Human trafficking, as defined by a US federal law in 2000, is “the recruitment, harboring, transportation, provision, or obtaining of a person for labor or services, through the use of force, fraud, or coercion for the purpose of subjection to involuntary servitude, peonage, debt bondage, or slavery.” That’s the definition for labor trafficking; a parallel definition applies to sex trafficking and coerced prostitution.
Note that in this definition, a trafficking victim is not necessarily moved from one location to another. Human trafficking is not a form of smuggling. A person could be smuggled across a border without being trafficked – for example, a migrant paying a coyote to escort them over the US-Mexican border – and a person could be trafficked without ever leaving her home city.
But the coercion at the heart of human trafficking often is connected to migration. Job seekers arrive in a new country on promises of a rewarding work, but their supposed helpers confiscate their paperwork and force them into service. Then there’s coercion in the form of “debt bondage,” such as when victims incur an initial debt as a term of employment – and traffickers use that debt as a means of control.
The United Nations has called on nations to adopt strong laws criminalizing human trafficking in its many forms – whether victims are children, women, or men. So far, some 168 countries have signed on to the UN protocol, launched in 2000. Laws on human trafficking vary in strength from country to country (and state to state within the US), and enforcement can be weak. Advocacy groups say there have been relatively few human trafficking convictions worldwide.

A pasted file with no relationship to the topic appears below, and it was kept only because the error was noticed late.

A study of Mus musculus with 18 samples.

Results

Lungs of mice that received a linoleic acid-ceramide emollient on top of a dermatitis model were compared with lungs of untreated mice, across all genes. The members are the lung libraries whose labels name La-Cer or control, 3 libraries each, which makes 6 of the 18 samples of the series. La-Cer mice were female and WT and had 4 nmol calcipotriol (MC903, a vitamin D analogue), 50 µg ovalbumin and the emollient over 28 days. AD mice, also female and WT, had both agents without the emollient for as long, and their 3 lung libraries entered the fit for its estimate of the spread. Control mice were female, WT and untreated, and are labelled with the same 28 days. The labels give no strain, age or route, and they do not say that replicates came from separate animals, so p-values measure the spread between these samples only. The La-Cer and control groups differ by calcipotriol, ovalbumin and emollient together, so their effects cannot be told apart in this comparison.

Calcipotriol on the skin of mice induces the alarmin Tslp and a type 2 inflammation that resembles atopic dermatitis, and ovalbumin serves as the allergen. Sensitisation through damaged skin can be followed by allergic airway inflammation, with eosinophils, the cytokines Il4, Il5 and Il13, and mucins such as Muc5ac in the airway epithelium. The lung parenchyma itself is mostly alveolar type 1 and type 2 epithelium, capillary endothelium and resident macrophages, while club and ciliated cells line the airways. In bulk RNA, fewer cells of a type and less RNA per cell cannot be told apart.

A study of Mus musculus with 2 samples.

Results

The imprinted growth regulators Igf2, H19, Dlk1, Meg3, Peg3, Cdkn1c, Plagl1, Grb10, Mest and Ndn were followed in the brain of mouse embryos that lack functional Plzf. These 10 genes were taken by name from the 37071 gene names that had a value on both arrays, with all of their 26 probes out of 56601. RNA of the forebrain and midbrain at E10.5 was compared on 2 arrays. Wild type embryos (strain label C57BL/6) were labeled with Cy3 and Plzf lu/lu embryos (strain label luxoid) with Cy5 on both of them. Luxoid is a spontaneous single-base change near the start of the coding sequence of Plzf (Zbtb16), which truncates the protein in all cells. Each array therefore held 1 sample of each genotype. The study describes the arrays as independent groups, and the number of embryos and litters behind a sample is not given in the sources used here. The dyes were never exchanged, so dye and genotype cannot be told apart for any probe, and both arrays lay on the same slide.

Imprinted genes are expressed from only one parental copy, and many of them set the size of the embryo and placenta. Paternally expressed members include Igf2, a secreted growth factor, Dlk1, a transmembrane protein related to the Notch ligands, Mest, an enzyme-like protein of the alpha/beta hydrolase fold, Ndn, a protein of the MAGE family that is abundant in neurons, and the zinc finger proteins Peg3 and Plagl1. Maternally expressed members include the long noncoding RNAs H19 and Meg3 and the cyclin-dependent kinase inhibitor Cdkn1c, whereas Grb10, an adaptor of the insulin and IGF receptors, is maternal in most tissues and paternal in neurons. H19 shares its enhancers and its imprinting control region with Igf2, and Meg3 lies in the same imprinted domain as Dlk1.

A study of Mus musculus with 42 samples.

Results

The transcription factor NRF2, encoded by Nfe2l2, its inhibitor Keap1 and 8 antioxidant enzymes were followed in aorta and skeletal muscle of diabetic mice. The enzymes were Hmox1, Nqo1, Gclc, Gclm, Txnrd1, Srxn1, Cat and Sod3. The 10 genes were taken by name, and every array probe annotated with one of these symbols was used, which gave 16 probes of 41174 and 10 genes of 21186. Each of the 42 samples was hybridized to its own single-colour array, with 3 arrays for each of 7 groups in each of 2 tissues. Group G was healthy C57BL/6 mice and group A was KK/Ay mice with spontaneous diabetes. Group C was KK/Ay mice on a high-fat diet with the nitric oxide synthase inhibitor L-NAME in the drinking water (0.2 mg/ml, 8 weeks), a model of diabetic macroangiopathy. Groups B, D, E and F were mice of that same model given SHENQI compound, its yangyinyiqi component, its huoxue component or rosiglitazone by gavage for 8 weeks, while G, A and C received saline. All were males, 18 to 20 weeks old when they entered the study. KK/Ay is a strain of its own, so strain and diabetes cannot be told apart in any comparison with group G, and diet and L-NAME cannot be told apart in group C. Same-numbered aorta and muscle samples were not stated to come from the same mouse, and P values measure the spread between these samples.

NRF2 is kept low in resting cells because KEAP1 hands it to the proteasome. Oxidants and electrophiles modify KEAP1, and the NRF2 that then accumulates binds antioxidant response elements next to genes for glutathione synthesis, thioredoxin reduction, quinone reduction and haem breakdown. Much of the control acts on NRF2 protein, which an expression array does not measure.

The UN definition of human trafficking is similar in key respects to the one adopted by the US. It boils down to three parts – a “what,” a “how,” and a “why.” What happens. Human trafficking involves one or more of these actions: “the recruitment, transportation, transfer, harbouring or receipt of persons.” The means. Criminals act by coercion (including threat or use of force), by abduction, by fraud or deception, by “the abuse of power or of a position of vulnerability,” or by paying money “to achieve the consent of a person having control over another person.” The motives. The criminal intent is exploitation, meaning “prostitution … or other forms of sexual exploitation, forced labour or services, slavery or practices similar to slavery, servitude or the removal of organs.”
One question that arises is whether or not someone can be considered a trafficking victim if he or she is an adult who gave initial consent to an exploitative labor arrangement. The answer under US law, and the UN protocol, is yes because it is the behavior of the traffickers that determines the crime, not the consent of the victim. As a US State Department document puts it: “Once a person’s labor is exploited [by coercion], the person’s prior consent to work for an employer is legally irrelevant.”